Joshua A. ClaybournIf we hope to heal America’s deep fractures, we must socialize healthier and guard against feedback loops, especially on social
Joshua A. Claybourn
If we hope to heal America’s deep fractures, we must socialize healthier and guard against feedback loops, especially on social media. Powerful lessons from prisoners of war in the Korean War point to a path forward and offer a warning for dropping our guard.
American POWs in North Korean prison camps faced harsh punishment, but prisoners ending up in Chinese-run camps often faced a very different situation. That’s according to “The Interrogation Rooms of the Korean War,” a book by Monica Kim, an assistant professor of history at New York University.
In it, Kim portrays a China that utilized a “lenient policy” with subtle psychological attacks so successful that psychologists studied it in depth after the war.
Social media, I’d submit,causes us to unwittingly employ many of the same tactics on ourselves today, feeding American division.
Chinese interrogators at work
The Chinese undermined American POWs incrementally, bit by bit. They initially required prisoners to write seemingly mild and relative true statements like “The United States is not perfect” and “Communist countries provide employment for all.” Over time, they pushed POWs to make ever more substantive statements like providing lists of U.S. imperfection and then signing their name to it.
Because even pro-American essays could win contests, Chinese guards did not need to use force. Eventually POWs subconsciously altered their essays in favor of Communism to improve their chances of winning.
Occasionally, a POW’s name and essay would be broadcast to camps, earning such a POW the “collaborator” label. This label causes a dramatic change in your psyche and actions — you alter your self-image and your actions to match them, opening the door to even more collaboration.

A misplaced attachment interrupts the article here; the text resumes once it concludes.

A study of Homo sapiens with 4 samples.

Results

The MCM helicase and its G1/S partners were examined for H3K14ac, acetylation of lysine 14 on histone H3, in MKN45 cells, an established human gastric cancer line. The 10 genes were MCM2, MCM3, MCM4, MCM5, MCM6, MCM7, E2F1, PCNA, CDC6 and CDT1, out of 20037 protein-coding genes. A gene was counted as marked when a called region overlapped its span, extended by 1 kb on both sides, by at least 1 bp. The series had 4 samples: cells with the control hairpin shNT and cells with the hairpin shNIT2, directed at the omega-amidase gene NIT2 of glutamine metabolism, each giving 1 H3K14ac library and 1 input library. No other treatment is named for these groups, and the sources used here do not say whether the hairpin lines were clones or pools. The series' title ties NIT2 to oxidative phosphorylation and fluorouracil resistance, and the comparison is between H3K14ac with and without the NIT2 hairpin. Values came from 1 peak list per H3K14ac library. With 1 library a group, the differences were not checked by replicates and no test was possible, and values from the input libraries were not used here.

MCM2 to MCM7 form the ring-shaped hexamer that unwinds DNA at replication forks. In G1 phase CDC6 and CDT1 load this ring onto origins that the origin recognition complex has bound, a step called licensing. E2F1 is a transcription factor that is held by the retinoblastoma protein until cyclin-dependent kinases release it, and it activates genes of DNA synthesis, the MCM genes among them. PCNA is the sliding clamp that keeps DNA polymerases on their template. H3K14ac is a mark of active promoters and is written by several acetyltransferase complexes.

On the surface these actions seem inconsequential, but even small commitments will lead to big behavioral changes. Written statements provide physical evidence of your commitment — you cannot run or hide from it. By asking POWs to write (and not simply speak), Chinese guards reshaped POWs’ views of themselves.
When you do something, you eventually change your self-image to match it. And when others view you a particular way, the same thing generally happens — you act consistent with your image. That’s why we judge someone’s feelings and beliefs by their behavior.
The Chinese understood we use the same evidence to define ourselves. We look at our own behavior to define our own beliefs and values.
Tactics used against ourselves
By the end of the Korean War, many POWs in Chinese camps believed the Chinese perspective — that Americans played dirty, the U.S. started the war, and the Communist ideology offered huge benefits.
The psychological principles deployed by the Chinese remain true today, and it plays out clearly on social media. We endorse causes on social media that seem inconsequential. We fail to see anyone coercing it so we own them as our own.
When we post a political slogan or share a compelling link, it subtly changes our self-image. And it gives us written evidence that we are the kind of people who communicate and think a certain way.
Social media creates a feedback loop that appeals to our specific tribe — the list of friends and followers we cultivate and come to value — and in the process we more closely mirror them.
Like POWs in a Chinese camp, we experience subtle but persistent pressure to make cheap moralistic statements that please our tribe. In time, it can change our views and cause us to grow ever-more entrenched in them. No wonder that QAnon and extreme wokeness flourish online today.
In an ideal world, we leave social media behind altogether. But even if you must remain, work hard to avoid repeating trite talking points from political parties. Absorb thoughtful commentary from competing views. And as you formulate positions on any given issue, talk it out verbally in an open environment where you feel minimal pressure to conform.
Technology will continually offer both new opportunities and new traps, but the psychology underpinning our response to it remains rooted in human nature.
Joshua A. Claybourn is an attorney and author based in Evansville, Indiana. This column originally appeared in the Indy Star.